Whitmer’s $5.6 billion COVID recovery plan includes additional business support

BY Tuesday, January 19, 2021 03:44pm

Gov. Gretchen Whitmer has unveiled a $5.6 billion pandemic recovery spending plan that primarily uses federal funding to help control the spread of COVID-19, which state officials and economists say is crucial to ensure broader economic recovery.

The Michigan COVID Recovery Plan unveiled during a Tuesday afternoon press conference includes $90 million to distribute COVID-19 vaccines and $225 million to fund three new programs through the Michigan Economic Development Corp. The MEDC programs would distribute grants to restaurants and other “place-based businesses,” companies with fewer than nine employees, and high-tech startups.

Gov. Whitmer COURTESY PHOTO

“The most important thing we can do to jumpstart the economy is protect public health and end the pandemic,” Whitmer said.

Of the $5.6 billion plan, which will be submitted to the state Legislature on Wednesday, $575 million comes from one-time state tax dollars through the General Fund and School Aid Fund after new federal dollars and lower than expected expenses. The spending plan is subject to approval by state lawmakers.

Whitmer called on lawmakers to approve the Good Jobs for Michigan Program to help retain and increase jobs statewide as well as permanently extend unemployment insurance benefits from 20 to 26 weeks.

Whitmer’s spending plan also includes funding to waive penalties and interest for certain property owners who were unable to pay summer 2020 property taxes on time because of hardship created by pandemic restrictions. 

The plan calls for creating an Office of Rural Development to help expand broadband and other infrastructure in rural areas and would provide targeted employment and training services through the Department of Labor and Economic Opportunity (LEO).

“This plan addresses some of the major issues that must be overcome to win Michigan’s COVID-19 recovery: mitigating learning loss, rebuilding small businesses, attracting new jobs and upskilling our workforce,” Jeff Donofrio, president and CEO of Business Leaders for Michigan and former LEO director under Whitmer, said in a statement. “We’re encouraged by the proposed one-time investments for each of these priorities, and look forward to working with the Governor and our state’s leaders to recover and get back on the path to becoming a Top Ten state.”

Whitmer also proposes using federal funding from the most recent federal stimulus package to provide rental, utility and food assistance for struggling residents.

On the education front, Whitmer’s spending plan would allocate $1.7 billion in recent federal stimulus funding — as well as $300 million from the state School Aid Fund — to help prepare schools to offer in-person learning by March 1.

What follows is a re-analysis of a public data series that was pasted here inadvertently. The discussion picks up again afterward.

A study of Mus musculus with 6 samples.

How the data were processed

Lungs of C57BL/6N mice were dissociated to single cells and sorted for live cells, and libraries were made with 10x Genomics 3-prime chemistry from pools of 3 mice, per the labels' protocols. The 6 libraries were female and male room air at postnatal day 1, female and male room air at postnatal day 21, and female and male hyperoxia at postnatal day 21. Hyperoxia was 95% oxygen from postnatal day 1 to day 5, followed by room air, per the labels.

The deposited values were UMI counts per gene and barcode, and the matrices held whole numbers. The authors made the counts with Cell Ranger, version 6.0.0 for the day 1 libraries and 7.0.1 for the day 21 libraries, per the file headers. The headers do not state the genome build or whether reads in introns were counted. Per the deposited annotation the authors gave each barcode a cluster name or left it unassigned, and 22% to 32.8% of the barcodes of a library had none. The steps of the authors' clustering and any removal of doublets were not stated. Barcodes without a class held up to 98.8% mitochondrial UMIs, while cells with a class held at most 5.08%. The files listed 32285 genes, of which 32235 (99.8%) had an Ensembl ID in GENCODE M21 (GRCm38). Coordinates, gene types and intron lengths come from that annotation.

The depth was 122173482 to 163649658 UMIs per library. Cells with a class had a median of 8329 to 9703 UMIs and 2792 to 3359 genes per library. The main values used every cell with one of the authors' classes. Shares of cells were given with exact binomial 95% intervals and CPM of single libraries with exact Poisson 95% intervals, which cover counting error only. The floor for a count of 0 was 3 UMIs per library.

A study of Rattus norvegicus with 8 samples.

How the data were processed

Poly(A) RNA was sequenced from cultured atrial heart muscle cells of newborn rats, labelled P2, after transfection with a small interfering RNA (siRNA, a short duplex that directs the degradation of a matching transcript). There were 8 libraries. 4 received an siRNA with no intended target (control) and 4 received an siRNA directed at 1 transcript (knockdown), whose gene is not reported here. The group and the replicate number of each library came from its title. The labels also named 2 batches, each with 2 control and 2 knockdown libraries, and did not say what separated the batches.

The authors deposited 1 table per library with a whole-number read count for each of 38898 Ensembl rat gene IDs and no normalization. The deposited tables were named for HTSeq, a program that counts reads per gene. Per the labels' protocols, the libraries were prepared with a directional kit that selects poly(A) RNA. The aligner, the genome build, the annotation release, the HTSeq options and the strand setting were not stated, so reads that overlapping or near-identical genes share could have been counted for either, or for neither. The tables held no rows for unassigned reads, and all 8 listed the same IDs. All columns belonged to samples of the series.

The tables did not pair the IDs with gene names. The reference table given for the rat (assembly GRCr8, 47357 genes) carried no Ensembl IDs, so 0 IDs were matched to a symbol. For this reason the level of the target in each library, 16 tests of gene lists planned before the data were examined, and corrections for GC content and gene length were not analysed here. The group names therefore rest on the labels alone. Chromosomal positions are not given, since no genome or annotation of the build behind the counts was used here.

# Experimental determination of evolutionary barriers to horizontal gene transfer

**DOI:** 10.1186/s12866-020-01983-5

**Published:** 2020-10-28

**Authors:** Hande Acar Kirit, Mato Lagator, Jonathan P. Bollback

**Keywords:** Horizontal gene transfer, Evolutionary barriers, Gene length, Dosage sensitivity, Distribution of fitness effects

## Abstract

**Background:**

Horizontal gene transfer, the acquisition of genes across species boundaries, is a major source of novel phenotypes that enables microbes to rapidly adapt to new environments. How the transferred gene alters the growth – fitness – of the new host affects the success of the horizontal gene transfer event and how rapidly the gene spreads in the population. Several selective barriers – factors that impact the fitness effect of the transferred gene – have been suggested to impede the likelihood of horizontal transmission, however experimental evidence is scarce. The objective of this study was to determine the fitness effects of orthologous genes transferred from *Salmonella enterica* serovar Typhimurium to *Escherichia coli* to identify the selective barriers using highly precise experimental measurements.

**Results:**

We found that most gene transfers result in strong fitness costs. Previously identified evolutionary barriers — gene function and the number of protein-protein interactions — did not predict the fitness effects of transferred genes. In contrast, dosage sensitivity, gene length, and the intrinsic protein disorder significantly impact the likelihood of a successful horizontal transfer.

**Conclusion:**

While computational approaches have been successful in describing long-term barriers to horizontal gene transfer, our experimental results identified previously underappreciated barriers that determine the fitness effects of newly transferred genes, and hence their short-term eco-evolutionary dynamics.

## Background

Meanwhile, Whitmer’s plan includes $90 million allotted to Michigan under the federal Coronavirus Response and Relief Supplemental Appropriations Act for COVID-19 vaccine distribution, which Whitmer said would help the state meet its goal of administering 50,000 vaccines a day. The funding would provide financial support to local health departments. The state is also set to receive $575 million to expand COVID-19 testing, contact tracing and lab capacity.

State budget picture

The Michigan COVID Recovery Plan was unveiled just days after the state released updated budget projections, which are more optimistic than previously forecasted, largely because of new federal stimulus funding.

“The state had better than expected revenues as a result of the pandemic not having as large of an impact on the economy as expected,” said state Budget Director David Massaron.

The state Treasury Department and directors of the Senate Fiscal Agency and House Fiscal Agency reached agreement on Friday over revised revenues for the remainder of the current fiscal year and fiscal years 2022 and 2023. While there’s still an estimated $500 million predicted loss in state tax revenue next year, projections were better than expected by roughly $1 billion in each of the next two years.

State Treasurer Rachael Eubanks expects a two-track recovery in Michigan over the next couple of years as some sectors rebound quicker than others that primarily rely on in-person interactions, such as bars, restaurants and brick-and-mortar retailers.

“We do expect a robust recovery once we get the pandemic under control,” Eubanks said Tuesday. “Public health and the economy go together.”